Welcome to our official scoring guide. If you’re here, chances are it’s because we’ve pissed you off and you’re stockpiling ammunition for an unholy comments thread rant. You might also be a developer or PR person, or (snigger) somebody who respects our judgement deeply and needs, NEEDS, to read more. Whatever your motives, I hope the following makes sense. If it doesn’t, give us a yell.
A few things you should know. First off, we promise to play each game we review to plot or campaign completion or, where resources are scarce, for a solid 10 hours. In an ideal world the former would always be the case, but as I don’t appear to be sitting in an enameled sedan chair with platinum cup-holders, conveyed through Kikizo Network’s glass-fronted offices by an army of writers and editors just begging to cancel their daughter’s birthdays in exchange for code, there will, alas, be times when we struggle to hit the credit roll. We feel 10 hours is more than sufficient time to form a rounded impression of most games.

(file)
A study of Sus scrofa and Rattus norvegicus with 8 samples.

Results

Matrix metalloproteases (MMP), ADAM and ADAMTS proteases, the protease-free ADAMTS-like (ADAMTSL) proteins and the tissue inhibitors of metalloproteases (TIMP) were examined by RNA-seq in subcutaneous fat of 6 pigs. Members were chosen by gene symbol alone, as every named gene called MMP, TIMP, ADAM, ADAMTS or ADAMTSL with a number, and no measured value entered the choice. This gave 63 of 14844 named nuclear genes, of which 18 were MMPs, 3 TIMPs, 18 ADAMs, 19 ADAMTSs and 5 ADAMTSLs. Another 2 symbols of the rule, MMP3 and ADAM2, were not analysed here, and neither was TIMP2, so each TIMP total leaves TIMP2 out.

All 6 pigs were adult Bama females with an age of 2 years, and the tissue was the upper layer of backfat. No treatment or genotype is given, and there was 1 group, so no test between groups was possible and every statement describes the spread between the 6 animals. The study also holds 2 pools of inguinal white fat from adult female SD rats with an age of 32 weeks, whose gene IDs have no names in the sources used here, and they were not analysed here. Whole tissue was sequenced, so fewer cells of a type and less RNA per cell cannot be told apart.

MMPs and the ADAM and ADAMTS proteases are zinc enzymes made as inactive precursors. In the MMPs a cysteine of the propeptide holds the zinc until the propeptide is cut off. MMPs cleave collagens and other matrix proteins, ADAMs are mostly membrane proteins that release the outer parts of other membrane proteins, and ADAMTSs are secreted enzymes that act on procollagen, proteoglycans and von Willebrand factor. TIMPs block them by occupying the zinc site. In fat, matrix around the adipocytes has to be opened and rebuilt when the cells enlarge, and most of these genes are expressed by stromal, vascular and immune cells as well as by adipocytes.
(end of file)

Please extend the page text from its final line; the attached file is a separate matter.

Secondly, we’re sometimes sent “99% proof” debug code for review. This is true of every major review site, particularly when the embargo on coverage lifts a week or more before release day. In such situations, we promise to liaise with PR contacts over remaining technical issues (if any), and to check the review copy against a retail or promo version as and when we get hold of one. In the very, very rare event that there are notable discrepancies between versions, we will update the review to suit.
Thirdly, a review is just an opinion, and everybody’s entitled to one. A day will come when we won’t have to remind people of this.
Fourthly and finally, we now use integers (whole numbers) rather than decimals when scoring a game. No silly “six and three ninths out of 10” nonsense round these parts.
And now for the tasty bit: what our scores actually mean. Short answer: nothing, the text is king. Long answer is over the page.